Low-stress parenting

Posted: July 8, 2013 by J in Pastoral issues

I’ve been quite influenced by family systems theory (FST), I’ve found it a helpful tool for understanding social situations and for knowing how to achieve positive change in relationships and groups. Lately I’ve been thinking about how it  applies to families themselves.

One of the most powerful insights FST offers into social networks is that stress is an important factor to be considered. Stress is a negative commodity that can be shared around, amplified, guarded against, etc in relational networks such as families. Pumping up the stress levels in a group is generally destructive. But FST encourages what it calls non-anxious presence: where a person stays engaged in the relational set, has clearly defined boundaries, and stays calm about it all. This calm is a big factor in achieving change in the network. When the others in the group realise that you are not going to apologise for who you are, that you are willing to put up with temporary conflict or disagreement and not be intimidated or manipulated into backing down – when that becomes clear, the whole network will readjust itself around you until it reaches a new equilibrium. Non-anxious presence is a powerful agent for change in family systems.

I think you find an awareness of these issues in Scripture, just using different terminology. In particular the important biblical idea of ‘peace’ (Hebrew shalom), while a complex concept, certainly includes the sense of ‘low stress situation’. And Scripture repeatedly encourages us to aim for peace in relationships:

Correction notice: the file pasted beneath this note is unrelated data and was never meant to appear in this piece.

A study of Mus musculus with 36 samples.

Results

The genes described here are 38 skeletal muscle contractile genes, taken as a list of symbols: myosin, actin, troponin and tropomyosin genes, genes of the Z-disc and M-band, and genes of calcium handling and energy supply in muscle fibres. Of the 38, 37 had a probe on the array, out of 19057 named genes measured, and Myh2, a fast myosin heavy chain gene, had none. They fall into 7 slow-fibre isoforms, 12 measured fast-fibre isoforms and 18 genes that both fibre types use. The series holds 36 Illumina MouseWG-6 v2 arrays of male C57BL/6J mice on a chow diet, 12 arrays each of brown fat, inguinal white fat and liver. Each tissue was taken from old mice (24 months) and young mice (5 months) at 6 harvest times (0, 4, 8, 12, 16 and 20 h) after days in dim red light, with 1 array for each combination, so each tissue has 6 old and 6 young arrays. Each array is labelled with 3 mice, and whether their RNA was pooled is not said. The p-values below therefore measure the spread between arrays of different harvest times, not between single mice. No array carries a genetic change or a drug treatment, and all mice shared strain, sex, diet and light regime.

Seek peace, and pursue it.

The effect of righteousness will be peace,
and the result of righteousness, quietness
A soft answer turns away wrath,
but a harsh word stirs up anger. 

Blessed are the peacemakers

So far as it depends on you, live at peace with all people

These passages are teaching us to conduct ourselves in a way that lowers the emotional temperature in heated situations. In other words, to think about issues relating to stress.

So I want to think about how the above insights from FST about stress might help in parenting. No doubt this has been done better elsewhere, but I haven’t seen it, so let me know if so, and meanwhile I’ll have a go here.

Here’s a proposition for you:

if parents can identify key areas of heightened stress in their family life, and practice being a non-anxious presence at those points in particular, they should achieve maximum change in the family with minimal effort.

Sound simple? Yes, simple, but maybe not easy! Let’s make a start.

Step one would be to become sensitised to the issue of stressNot everyone is! Sometimes we can be yelling at our family and still not notice that we are stressed, or that we are injecting stress into the system. In fact, some people live with such constant stress in the home, that they have trouble noticing it at all. But it still has its destructive effects! And all the more because it is allowed to do its work unchecked.

So we need to start looking out for this. When are my children stressed in the home? When is my husband/wife stressed? What are the signs? What do they do when they are stressed? And the hardest one to notice: When am stressed? What are the signs of that? What do I do at those times?

Don’t worry for the moment about causes. It’s enough to start by noticing the presence of the thing: of stress in your family system.

Before too long you should be able to come up with a top five of stress situations in your family life. Here are some for my family:

  • Leaving for school in the mornings – last 15 minutes
  • Meal times
  • Bedtimes
  • Before guests arrive – last 30 minutes
  • Transitions in general
  • Administering discipline

Ok I got six. We have plenty to choose from around here!

  1. Thanks. My 2yr old J said to me this week “no grumpy daddy,I no want grumpy, don’t want it”.

  2. J says:

    A spokesman for his generation! I will take J’s words to heart.